Kristi Ray

Kristi is a third-year Osteopathic Medicine and Masters of Public Health student at Nova Southeastern University College of Osteopathic Medicine in Fort Lauderdale, FL. Her love for global health started during her undergraduate career, when she was awarded the University of Central Florida’s Presidents Scholar Award for creating sustainable agricultural initiatives through the use of urban agriculture and community farming on the Caribbean nations of St. Kitts and Nevis. This project taught rural communities about health and nutrition and provided a cost-effective way to provide access to nutritious foods. She has also participated in medical mission trips to Nicaragua, Guatemala and Jamaica. Outside of global health, Kristi is a Nova Southeastern University Quality of Life Researcher, where she works with Special Olympics of Broward County implementing nutrition education programs. She was also selected as a Paul Ambrose Scholar for 2015, during which she created the program HEALTHFUL: Helping Establish Academic Learning Through Health Fairs in Underserved Locations that provide medical screening and prevention to South Florida communities.

Project: "Mapping and Eradication of Soil-Transmitted Helminthiasis and Schistosomiasis in Rural Philippines"
January 1, 2017 - March 1, 2017    


What does the Kean Fellowship mean to you?
I am so grateful to receive the Kean Fellowship and this opportunity will enable me to truly participate in global health from a hands-on experience. This fellowship will allow me to discover a new culture, a new way of practicing medicine, and a new area of tropical medicine research that I have not yet been exposed to. This fellowship is truly giving me an experience of a lifetime to follow my passion for global health and to pursue my dreams.

What do you anticipate learning?
This fellowship will make it possible to learn new research skills while participating in clinical medicine in the Philippines. During this elective I will be working with local medical students and physicians to adopt an integrated approach called WASHED – water, sanitation, hygiene, education and deworming. This program not only provides antihelminthic drugs free of charge, it also works with engineering students as a collaborative approach for the installation of water and sanitation facilities. In addition, during this elective I hope to develop new learning tools that can be used to educate the community about hygienic practices such as teachers’ guides, educational videos and visual flow charts. During this elective, I will also use GIS to map these neglected tropical diseases in order to conduct appropriate disease surveillance that is critical for documenting the absence of disease and determining when treatment can be stopped. These maps can be used by the Department of Health and the local medical school, as well, to increase the efficient allocation of soil-transmitted helminth disease-control resources in the Philippines and also for predictive maps. By using spatial variation of soil-transmitted helminthes and schistosomiasis across the country, it is possible to quantify the association between the physical environment and certain infections present.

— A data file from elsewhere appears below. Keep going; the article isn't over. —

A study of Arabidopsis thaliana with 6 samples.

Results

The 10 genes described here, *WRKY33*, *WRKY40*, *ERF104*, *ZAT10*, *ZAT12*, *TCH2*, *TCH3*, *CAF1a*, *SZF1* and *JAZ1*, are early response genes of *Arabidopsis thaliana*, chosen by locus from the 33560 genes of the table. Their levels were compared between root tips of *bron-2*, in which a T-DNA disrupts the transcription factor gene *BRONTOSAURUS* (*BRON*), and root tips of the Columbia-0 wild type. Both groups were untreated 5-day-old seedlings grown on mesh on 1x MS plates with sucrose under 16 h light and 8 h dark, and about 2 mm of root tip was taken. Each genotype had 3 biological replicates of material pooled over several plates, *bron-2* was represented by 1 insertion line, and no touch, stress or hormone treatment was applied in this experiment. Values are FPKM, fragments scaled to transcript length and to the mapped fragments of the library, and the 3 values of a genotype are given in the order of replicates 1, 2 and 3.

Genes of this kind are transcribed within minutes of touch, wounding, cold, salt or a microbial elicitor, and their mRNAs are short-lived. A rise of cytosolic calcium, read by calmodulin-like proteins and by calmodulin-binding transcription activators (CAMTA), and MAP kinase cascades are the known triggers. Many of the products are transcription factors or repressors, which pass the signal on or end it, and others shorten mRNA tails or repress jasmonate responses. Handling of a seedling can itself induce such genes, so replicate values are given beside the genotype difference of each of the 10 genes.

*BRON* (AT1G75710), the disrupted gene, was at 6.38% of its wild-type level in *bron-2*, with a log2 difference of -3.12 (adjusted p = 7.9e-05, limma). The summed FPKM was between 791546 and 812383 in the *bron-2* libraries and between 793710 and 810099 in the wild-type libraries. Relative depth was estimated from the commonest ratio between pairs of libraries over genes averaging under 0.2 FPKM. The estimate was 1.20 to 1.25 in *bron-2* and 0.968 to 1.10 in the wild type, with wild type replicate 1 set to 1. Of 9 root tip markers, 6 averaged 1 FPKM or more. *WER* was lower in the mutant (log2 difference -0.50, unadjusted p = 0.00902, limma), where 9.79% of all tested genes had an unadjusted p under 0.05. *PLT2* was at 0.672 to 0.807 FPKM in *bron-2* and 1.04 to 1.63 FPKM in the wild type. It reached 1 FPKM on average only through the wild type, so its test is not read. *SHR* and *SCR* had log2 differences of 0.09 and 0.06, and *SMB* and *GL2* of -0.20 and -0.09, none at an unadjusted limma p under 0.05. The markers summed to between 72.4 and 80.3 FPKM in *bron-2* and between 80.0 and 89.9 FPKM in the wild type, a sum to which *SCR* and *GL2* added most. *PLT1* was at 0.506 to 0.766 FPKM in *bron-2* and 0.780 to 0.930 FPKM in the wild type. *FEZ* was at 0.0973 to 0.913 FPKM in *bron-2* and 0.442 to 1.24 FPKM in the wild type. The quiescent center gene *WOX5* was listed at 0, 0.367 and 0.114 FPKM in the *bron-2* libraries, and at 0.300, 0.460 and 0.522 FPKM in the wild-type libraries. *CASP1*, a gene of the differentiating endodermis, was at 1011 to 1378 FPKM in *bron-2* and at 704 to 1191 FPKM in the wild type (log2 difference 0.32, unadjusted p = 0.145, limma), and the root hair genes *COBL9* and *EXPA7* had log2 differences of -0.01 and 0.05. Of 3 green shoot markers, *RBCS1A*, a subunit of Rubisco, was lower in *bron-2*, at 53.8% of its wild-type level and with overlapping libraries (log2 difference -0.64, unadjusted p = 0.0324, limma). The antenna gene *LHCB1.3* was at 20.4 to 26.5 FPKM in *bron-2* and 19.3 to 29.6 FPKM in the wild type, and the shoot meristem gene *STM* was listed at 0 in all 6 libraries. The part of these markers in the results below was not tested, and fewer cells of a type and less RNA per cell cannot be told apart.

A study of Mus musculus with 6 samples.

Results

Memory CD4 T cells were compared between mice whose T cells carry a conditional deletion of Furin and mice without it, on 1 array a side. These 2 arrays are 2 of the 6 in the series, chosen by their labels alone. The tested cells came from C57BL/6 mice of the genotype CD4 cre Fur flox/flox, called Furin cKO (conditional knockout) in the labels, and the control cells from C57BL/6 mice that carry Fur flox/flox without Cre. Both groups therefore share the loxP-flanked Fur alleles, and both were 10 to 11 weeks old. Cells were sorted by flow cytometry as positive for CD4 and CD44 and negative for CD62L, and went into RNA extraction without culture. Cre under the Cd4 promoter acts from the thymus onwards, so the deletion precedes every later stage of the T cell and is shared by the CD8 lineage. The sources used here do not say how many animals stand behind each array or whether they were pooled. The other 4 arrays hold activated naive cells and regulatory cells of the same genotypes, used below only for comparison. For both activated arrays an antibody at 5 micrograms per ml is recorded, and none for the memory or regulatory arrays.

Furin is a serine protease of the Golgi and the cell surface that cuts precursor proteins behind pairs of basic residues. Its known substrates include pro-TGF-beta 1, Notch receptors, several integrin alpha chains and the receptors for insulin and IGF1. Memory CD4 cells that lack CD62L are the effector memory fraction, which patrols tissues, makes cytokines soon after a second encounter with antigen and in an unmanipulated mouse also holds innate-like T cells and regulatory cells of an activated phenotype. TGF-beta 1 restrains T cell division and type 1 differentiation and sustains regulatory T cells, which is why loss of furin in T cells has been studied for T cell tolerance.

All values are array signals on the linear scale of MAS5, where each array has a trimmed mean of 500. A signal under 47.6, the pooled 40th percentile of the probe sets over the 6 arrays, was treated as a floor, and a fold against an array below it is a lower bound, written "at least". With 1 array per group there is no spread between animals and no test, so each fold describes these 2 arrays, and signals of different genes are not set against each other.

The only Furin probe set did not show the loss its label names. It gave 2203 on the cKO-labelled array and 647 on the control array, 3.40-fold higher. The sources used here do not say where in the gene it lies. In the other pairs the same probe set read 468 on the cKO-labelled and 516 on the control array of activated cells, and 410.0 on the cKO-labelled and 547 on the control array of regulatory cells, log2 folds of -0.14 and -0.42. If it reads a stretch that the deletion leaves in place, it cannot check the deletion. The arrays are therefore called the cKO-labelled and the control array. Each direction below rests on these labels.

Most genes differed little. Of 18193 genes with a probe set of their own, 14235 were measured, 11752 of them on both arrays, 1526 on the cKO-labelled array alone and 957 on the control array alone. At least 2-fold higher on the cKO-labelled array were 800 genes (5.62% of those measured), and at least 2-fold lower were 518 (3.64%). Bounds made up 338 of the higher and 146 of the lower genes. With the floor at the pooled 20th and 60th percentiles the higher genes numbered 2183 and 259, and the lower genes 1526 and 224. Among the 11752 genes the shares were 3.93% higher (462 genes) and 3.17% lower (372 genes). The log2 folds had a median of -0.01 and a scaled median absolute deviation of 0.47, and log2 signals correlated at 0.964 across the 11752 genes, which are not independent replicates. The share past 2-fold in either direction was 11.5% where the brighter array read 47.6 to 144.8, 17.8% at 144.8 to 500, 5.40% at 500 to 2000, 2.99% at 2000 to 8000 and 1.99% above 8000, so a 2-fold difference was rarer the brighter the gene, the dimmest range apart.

What interests you about tropical medicine and what problems are you interested in solving?
Ever since I participated in an international research study abroad during my undergraduate education, my interest in tropical medicine was sparked. Learning how a small Caribbean island viewed healthcare and the health disparities present truly opened my eyes to global health. When I participated in my first medical mission trip as a first-year medical student, it simply felt right. I loved everything about it: experiencing a new culture, learning about diseases and infections that I had never been exposed to and caring for those who had limited access to medical care made me realize that this is what I wanted to do. While abroad, I learned that many people living in tropical environments had an increased burden of diverse infections and diseases based on the location of where they lived. Tropical medicine is so interesting to me because of the diversity and the increasing emergence of new bugs and new diseases they cause. It is my hope to become a primary care physician on the forefront of infectious tropical diseases and create public health initiatives in order to help eradicate them and decrease their burden on these populations.